The Governor of the Bank of England has spoken: now is not the time to hike interest rates because inflation pressures remain subdued. That could upset the three MPC members, including outgoing member Kristen Forbes, who voted for a rate hike last week. We mentioned after last week’s meeting that we didn’t think it was likely that a rate hike was on the horizon, after all, the split could end up 6-2 at the next meeting, if newcomer Silvana Tenreyo, decides to vote with Carney.
BOE willing to look through high CPI
This morning’s comments are important because they suggest that the Bank of England will look through the period of high inflation, headline CPI is running at 2.9%, blaming the rise on the sharp drop in sterling last year. This could spell more woe for the UK consumer, if the BOE is not going to take action to bring down prices, this could keep the squeeze on pay packets for some time.
What will it take for Carney to hike rates?
He wants to see more economic rebalancing away from reliance on the consumer. He also wants to see stronger investment levels and better levels of trade. Since UK exports tumbled 1.6% in the first quarter of this year, it could take some time before the conditions are met for Carney to hike rates.
Sterling in a spin after Carney
Carney’s comments have sent sterling into a tumble as the BOE Governor makes it clear that the UK central bank won’t follow the Fed by hiking rates any time soon. GBP/USD has fallen below 1.2700, towards the bottom of its recent range, and we are watching key support at 1.2632 – the 100-day sma – a break below here could see back to 1.2550 – the 200-day sma – and a major support level. In the very short term we are looking at 1.2650 – the bottom of the range from the last 10-days - if we break below here it would be a short-term bearish development.
Pound dives, while FTSE 100 gets a lift
The inverse relationship between the FTSE 100 and the pound, means that as Carney talks down the pound, the FTSE 100 climbs. The UK index is now only 40 points below its record high from earlier this month. UK bond yields have also fallen sharply on the back of Carney’s comments, and the 10-year UK yields briefly dipped below 1%, the lowest level for a week. This has pushed down UK yield spreads with the US, Europe and Japan, although these spreads remain above the level reached after the shock UK election result earlier this month. This quick bond analysis suggests that the pound could weaken today, but that Carney’s comments are no game changer and GBP/USD could remain range bound at least in the short term.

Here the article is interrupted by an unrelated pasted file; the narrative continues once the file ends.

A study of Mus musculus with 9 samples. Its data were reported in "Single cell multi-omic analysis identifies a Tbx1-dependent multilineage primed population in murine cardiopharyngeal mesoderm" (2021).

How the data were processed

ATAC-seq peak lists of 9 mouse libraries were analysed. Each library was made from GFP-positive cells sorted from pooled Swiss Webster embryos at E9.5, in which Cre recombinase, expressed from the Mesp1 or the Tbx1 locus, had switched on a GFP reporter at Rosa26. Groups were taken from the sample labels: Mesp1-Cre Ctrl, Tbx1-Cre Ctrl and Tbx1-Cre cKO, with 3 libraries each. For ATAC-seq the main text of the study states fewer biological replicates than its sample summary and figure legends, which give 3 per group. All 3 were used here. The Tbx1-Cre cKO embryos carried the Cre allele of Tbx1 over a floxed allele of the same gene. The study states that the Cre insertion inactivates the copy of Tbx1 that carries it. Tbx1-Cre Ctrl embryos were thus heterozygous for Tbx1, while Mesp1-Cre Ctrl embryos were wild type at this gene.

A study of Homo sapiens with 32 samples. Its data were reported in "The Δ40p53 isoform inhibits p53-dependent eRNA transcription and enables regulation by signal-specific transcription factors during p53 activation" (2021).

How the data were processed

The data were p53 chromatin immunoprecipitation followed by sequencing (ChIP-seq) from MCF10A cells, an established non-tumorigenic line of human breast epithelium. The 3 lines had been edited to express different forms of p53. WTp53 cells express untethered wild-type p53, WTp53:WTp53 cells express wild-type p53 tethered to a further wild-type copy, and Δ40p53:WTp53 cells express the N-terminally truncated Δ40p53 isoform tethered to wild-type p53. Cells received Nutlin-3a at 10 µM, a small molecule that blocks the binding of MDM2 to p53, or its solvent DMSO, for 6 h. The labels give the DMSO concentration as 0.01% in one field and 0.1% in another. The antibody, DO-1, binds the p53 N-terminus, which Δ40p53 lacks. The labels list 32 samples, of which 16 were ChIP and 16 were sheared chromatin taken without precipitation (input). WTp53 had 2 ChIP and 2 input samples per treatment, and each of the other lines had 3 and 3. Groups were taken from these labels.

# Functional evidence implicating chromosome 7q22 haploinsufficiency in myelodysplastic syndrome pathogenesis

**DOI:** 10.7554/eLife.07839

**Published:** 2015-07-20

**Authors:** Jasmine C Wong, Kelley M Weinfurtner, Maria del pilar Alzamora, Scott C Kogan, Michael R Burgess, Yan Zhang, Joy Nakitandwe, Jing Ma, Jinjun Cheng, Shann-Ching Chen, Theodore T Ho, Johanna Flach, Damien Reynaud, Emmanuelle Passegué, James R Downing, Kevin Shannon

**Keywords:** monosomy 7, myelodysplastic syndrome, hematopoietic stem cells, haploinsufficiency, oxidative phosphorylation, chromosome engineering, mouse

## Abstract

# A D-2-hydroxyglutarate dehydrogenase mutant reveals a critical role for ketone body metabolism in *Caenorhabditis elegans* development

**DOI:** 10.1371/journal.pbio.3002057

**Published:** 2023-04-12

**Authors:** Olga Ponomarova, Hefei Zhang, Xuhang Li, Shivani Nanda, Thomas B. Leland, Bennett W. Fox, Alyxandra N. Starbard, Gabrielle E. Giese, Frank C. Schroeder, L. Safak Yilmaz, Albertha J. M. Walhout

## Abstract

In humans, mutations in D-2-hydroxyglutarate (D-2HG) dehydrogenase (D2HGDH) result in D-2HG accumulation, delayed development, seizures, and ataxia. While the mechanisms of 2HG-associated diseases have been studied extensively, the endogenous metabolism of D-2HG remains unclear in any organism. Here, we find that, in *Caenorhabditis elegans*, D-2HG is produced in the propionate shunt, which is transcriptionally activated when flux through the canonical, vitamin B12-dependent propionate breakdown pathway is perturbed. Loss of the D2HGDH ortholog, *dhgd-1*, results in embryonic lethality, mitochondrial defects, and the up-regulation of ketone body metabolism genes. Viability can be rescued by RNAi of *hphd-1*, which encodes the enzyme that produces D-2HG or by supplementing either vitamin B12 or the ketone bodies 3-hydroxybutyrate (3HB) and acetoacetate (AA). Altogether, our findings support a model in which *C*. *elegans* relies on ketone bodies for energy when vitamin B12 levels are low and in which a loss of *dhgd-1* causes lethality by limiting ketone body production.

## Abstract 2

The market’s expectation for UK interest rates are barely changed on the back of Carney’s comments, the market still expects a mere 34% chance of a rate hike by the end of next year…
Chancellor’s Brexit talk no game changer
Chancellor Phillip Hammond was also talking at Mansion House this morning, laying out his vision for Brexit. It wasn’t too enlightening, and didn’t tell us anything we didn’t know already. Unless a high-ranking government minister says that the UK will fight to stay in the single market or in the Customs Union, then Brexit headlines at this early stage of the negotiations are unlikely to impact UK asset prices.
Tech stocks still vulnerable
Elsewhere, global stocks have bounced back sharply post the wobble in the Nasdaq last week. The German Dax has made a record high this morning and the FTSE 100 is 40 points below its record high after Carney’s commentary that rates should not be raised at this stage. The FTSE 100 has shrugged off news that 4 individuals are facing fraud charges at Barclays Bank, which relates to a loan from Qatar during the financial crisis. The market is viewing this news as something that happened in the past, and is thus not relevant for Barclays’ current share price.
We continue to think that US tech stocks looks vulnerable, although the Nasdaq has risen in recent sessions, big hitters like Apple and Amazon remain well below their pre-sell off highs. Last week’s tech stock weakness was a shake out after some tech stocks had rallied too far, too fast in recent months. However, investors aren’t willing to pile in and buy tech yet, suggesting that there could be a further sell off to come before investors feel like they are picking up a tech bargain. Today we will be keeping a close eye on Nasdaq shares to see if the tech sector comes under selling pressure once again.